Home / IBR Headlines / New Eastern Idaho community college expects 4,000 students by its sixth year

New Eastern Idaho community college expects 4,000 students by its sixth year

Eastern Idaho Technical College. Photo by Wendy Horman.

Eastern Idaho Technical College will become a community college over the summer. File photo.

More than 70 percent of Bonneville County voters approved a community college taxing district May 16, despite opposition from critics who said the college would limit job opportunities for high school students and would be a redundant addition to the education network already  in place.

Eastern Idaho Technical College in Idaho Falls will now become a community college with classes beginning August 21, said Rick Aman, president of EITC.

The political action committee Bonneville County Republican Party campaigned against the creation of the taxing district by arguing that there were dozens of associate degree programs available within a 50-mile radius of Idaho Falls.  Aman said more were needed.

“The whole idea of a community college is to serve an underserved population,” Aman said. “The kind of students we tend to get at a community college wouldn’t qualify to go to a university or wouldn’t have the funds to or wouldn’t want to leave the area. We are talking about affordability and improved access with this community college.”

Three post-secondary institutions deliver associate degree programs near Idaho Falls including Idaho State University, Brigham Young University-Idaho and a satellite office of College of Southern Idaho. But the tuition at ISU and BYU-I are higher than at a community college and the CSI branch has limited capacity, Aman said.

Rick Aman

Rick Aman

“This wouldn’t have been possible if not for the pent-up demand for more college programs in Eastern Idaho,” Aman said about the ballot measure passing on its first attempt.

Eastern Idaho businesses need more than 3,800 more employees with a professional certificate or an associate degree, according to The Research and Business Development Center in Rexburg.

EITC provides about 40 terminal programs that help graduates step into the marketplace, but those programs don’t connect to larger education efforts. As a technical college, EITC can not offer dual credit opportunities to high school students and can’t easily transfer graduates to universities, Aman said.

By becoming a community college, EITC will retain the 40 technical programs it offers, but will add about 30 associate programs that are more easily transferable.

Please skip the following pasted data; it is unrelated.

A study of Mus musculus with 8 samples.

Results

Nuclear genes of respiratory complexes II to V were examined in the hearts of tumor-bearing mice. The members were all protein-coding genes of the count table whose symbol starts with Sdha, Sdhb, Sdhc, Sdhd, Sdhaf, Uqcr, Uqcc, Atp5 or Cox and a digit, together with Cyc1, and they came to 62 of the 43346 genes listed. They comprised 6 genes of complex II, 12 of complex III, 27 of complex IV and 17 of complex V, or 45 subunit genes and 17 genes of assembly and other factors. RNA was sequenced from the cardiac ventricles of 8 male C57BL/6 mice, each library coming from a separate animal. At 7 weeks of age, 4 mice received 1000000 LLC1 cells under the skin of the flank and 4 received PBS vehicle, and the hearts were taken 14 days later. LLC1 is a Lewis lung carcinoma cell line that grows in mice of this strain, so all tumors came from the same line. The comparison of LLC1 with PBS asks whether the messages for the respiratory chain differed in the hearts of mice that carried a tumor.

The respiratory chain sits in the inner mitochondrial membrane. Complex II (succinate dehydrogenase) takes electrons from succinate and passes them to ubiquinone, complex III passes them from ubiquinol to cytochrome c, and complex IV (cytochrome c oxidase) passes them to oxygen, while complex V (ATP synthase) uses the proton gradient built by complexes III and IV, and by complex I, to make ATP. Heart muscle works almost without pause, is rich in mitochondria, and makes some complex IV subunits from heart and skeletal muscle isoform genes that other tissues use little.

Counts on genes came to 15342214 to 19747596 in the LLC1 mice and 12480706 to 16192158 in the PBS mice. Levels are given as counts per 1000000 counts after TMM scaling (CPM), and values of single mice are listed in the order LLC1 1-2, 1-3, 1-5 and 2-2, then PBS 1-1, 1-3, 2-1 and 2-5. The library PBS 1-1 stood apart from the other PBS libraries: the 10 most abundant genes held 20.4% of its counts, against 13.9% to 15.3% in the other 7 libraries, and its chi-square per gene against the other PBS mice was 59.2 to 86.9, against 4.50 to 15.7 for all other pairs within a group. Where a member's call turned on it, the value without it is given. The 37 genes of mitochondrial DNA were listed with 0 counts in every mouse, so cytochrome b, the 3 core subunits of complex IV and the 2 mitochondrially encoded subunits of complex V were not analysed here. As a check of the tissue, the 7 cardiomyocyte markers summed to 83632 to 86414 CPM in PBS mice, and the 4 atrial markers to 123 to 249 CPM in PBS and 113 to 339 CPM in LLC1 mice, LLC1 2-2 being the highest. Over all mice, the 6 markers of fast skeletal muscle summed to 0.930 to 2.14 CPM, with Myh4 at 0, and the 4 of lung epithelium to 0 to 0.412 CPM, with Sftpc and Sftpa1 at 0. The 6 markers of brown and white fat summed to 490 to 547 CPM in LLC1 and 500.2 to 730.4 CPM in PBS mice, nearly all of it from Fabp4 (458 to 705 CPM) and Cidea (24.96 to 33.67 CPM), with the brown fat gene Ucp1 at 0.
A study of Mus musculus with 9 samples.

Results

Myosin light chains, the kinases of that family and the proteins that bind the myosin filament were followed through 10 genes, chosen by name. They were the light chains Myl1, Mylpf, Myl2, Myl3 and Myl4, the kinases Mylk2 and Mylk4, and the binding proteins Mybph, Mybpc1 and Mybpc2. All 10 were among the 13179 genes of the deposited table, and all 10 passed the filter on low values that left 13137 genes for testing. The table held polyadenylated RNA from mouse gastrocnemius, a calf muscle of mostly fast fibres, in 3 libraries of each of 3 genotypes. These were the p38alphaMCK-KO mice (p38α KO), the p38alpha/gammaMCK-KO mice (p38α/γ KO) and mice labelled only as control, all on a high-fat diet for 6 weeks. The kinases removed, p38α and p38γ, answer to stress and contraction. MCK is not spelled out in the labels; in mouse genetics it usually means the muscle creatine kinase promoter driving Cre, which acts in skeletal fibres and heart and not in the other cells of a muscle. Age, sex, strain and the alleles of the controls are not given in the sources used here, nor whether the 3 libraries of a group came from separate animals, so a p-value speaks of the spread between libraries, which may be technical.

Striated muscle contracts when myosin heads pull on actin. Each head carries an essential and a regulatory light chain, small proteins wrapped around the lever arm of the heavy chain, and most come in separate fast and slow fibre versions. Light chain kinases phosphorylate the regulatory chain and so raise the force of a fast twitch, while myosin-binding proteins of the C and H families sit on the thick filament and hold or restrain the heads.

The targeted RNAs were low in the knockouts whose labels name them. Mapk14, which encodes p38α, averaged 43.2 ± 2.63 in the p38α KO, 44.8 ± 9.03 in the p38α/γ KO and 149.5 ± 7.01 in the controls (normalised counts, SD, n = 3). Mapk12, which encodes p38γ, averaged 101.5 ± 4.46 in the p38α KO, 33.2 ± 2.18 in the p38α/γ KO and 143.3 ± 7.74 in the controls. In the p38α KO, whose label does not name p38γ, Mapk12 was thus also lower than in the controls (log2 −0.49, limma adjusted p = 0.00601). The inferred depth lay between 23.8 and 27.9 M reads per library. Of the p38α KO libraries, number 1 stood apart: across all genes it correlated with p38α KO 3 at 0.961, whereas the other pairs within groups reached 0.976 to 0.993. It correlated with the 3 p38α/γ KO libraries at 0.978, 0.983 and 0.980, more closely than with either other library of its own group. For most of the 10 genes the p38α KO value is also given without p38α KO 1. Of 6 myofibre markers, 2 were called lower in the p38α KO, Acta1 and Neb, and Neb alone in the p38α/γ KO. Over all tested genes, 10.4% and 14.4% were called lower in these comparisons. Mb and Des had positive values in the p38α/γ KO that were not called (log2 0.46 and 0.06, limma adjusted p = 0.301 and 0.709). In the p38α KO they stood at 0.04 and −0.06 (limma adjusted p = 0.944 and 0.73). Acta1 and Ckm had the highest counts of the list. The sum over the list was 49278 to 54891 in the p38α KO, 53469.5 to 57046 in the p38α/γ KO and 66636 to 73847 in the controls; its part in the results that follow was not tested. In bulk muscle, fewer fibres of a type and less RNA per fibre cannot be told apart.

“Idaho faces a worsening shortage of people with post-secondary degrees, certificates and credentialed education and training to meet our workforce needs,” said Gov. C.L. “Butch” Otter, who advocated for creating the community college during his State of the State speech in January and in a statement released May 12.

“Increasing academic and career technical education opportunities in such high-demand fields as health care, information technology, advanced manufacturing and transportation are an economic imperative for Idaho,” Otter said. “Community colleges, with their combined academic and career and technical programs, are an increasingly essential part of providing the skills our workers need.”

Aman estimates the newly created college will have about 750 students in its first semester, increasing to 4,400 students by its sixth year.

No new construction is needed for the community college, but the school’s operating budget will increase from $8.6 million a year to more than $25 million as programs are added and new faculty is hired, according to the Development Center.

The school will use $5 million in startup funding appropriated by the Legislature this year, annual financial backing from the State General Fund, student tuition and a portion of Bonneville County’s property tax to pay those increased costs, Otter said.

The residential property tax in Bonneville County will increase $13.37 a year to help pay for the college.

Rebecca Casper.

Rebecca Casper.

“This campaign struck a huge and unexpected chord with the public,” said Rebecca Casper, mayor of Idaho Falls. “There were more spontaneous letters of support and volunteers than anyone expected.  The issue was the right one at the right time for a lot of people, apparently.”

About Benton Alexander Smith

Benton Alexander Smith is a reporter for the Idaho Business Review, covering the Idaho Legislature, new business, technology and financial services.